Gas prices are falling in White Plains, giving drivers some relief.
Gas prices are falling in White Plains, giving drivers some relief. Photo Credit: Brian Donnelly

WHITE PLAINS, N.Y. – Although gas prices were expected to rise in mid-March, as the summer driving season approaches, motorists around White Plains have instead seen the price at the pump drop slightly.

At $3.88 per gallon of regular gas, New Yorkers still pay the second most in the continental United States, topped only by California’s $4.04; however, the national average is down to $3.62 per gallon, 10 cents cheaper than a month ago and nearly 30 cents lower than a year ago, according to AAA’s daily fuel gauge report.

Robert Sinclair, the media relations manager for AAA New York, said fuel prices spiked in mid-February, and the region has seen a steady decline in prices since.

“The price of crude oil has fallen slightly, that may have something to do with it,” he said. “The spike we’re anticipating can still come. The summer driving season is still a few months off, so we’ll have to see what happens.”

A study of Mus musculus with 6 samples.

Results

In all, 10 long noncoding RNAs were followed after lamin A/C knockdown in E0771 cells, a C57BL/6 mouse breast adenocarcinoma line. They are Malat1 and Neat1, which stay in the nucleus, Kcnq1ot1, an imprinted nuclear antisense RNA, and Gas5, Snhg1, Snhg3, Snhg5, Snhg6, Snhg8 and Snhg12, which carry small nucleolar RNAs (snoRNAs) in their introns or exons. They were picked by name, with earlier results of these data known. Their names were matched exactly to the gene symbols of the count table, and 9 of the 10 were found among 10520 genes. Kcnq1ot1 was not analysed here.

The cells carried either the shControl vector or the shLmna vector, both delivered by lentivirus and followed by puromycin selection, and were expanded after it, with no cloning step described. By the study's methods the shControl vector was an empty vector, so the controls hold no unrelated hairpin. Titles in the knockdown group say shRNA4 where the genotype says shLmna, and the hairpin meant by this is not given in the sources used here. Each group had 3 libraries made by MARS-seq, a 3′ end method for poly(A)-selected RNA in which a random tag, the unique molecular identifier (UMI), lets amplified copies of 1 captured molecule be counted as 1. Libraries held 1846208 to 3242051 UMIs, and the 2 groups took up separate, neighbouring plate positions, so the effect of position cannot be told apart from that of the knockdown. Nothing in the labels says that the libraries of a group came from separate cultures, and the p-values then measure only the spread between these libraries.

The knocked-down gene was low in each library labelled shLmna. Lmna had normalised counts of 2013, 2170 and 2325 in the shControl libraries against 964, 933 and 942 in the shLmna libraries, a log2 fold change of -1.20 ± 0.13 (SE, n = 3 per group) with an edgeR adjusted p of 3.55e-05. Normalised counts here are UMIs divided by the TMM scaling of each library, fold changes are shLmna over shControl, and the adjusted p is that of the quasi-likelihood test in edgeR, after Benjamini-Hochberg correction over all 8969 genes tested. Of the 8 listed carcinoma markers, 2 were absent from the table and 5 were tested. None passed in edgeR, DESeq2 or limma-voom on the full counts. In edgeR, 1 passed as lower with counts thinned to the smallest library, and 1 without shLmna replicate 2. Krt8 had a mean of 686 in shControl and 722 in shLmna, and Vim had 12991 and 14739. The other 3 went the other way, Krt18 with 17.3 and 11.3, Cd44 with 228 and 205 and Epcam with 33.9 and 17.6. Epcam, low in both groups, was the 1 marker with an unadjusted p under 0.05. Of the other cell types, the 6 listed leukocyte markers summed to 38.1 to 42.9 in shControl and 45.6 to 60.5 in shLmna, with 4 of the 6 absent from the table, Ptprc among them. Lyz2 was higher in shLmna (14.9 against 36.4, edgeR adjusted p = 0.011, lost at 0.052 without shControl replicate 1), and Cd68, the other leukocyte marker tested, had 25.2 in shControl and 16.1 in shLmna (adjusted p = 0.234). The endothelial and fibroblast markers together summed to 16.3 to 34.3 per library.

In White Plains, the cheapest regular gas can be found for $3.77 per gallon at Sunoco on 555 N. Broadway. The cheapest premium gas can be found for $4.25 per gallon at Gulf on 634 Mamaroneck Ave.

Sinclair said there may still be a dramatic spike around Memorial Day, which is the unofficial kickoff of the summer driving season, when oil companies raise prices as motorists prepare to spend more time in the car.

“If companies anticipate a busy Memorial Day, then we’ll probably have a busy summer,” he added. “With it, demand goes up, and oil companies never miss a chance to raise prices. That’s the next hurdle for us to look for.”

Refineries have already made the switch from a winter blend of gasoline to the more expensive, eco-friendlier summer blend. The transition happened earlier than usual, which led to the spike in mid-February, as opposed to in March.

“We usually get the jump in mid-March because the refineries need to shut down for a few days, sometimes even for a week or two. It creates short-term shortages,” Sinclair said. “It’s still pretty darn cold out, so their actions seemed premature.”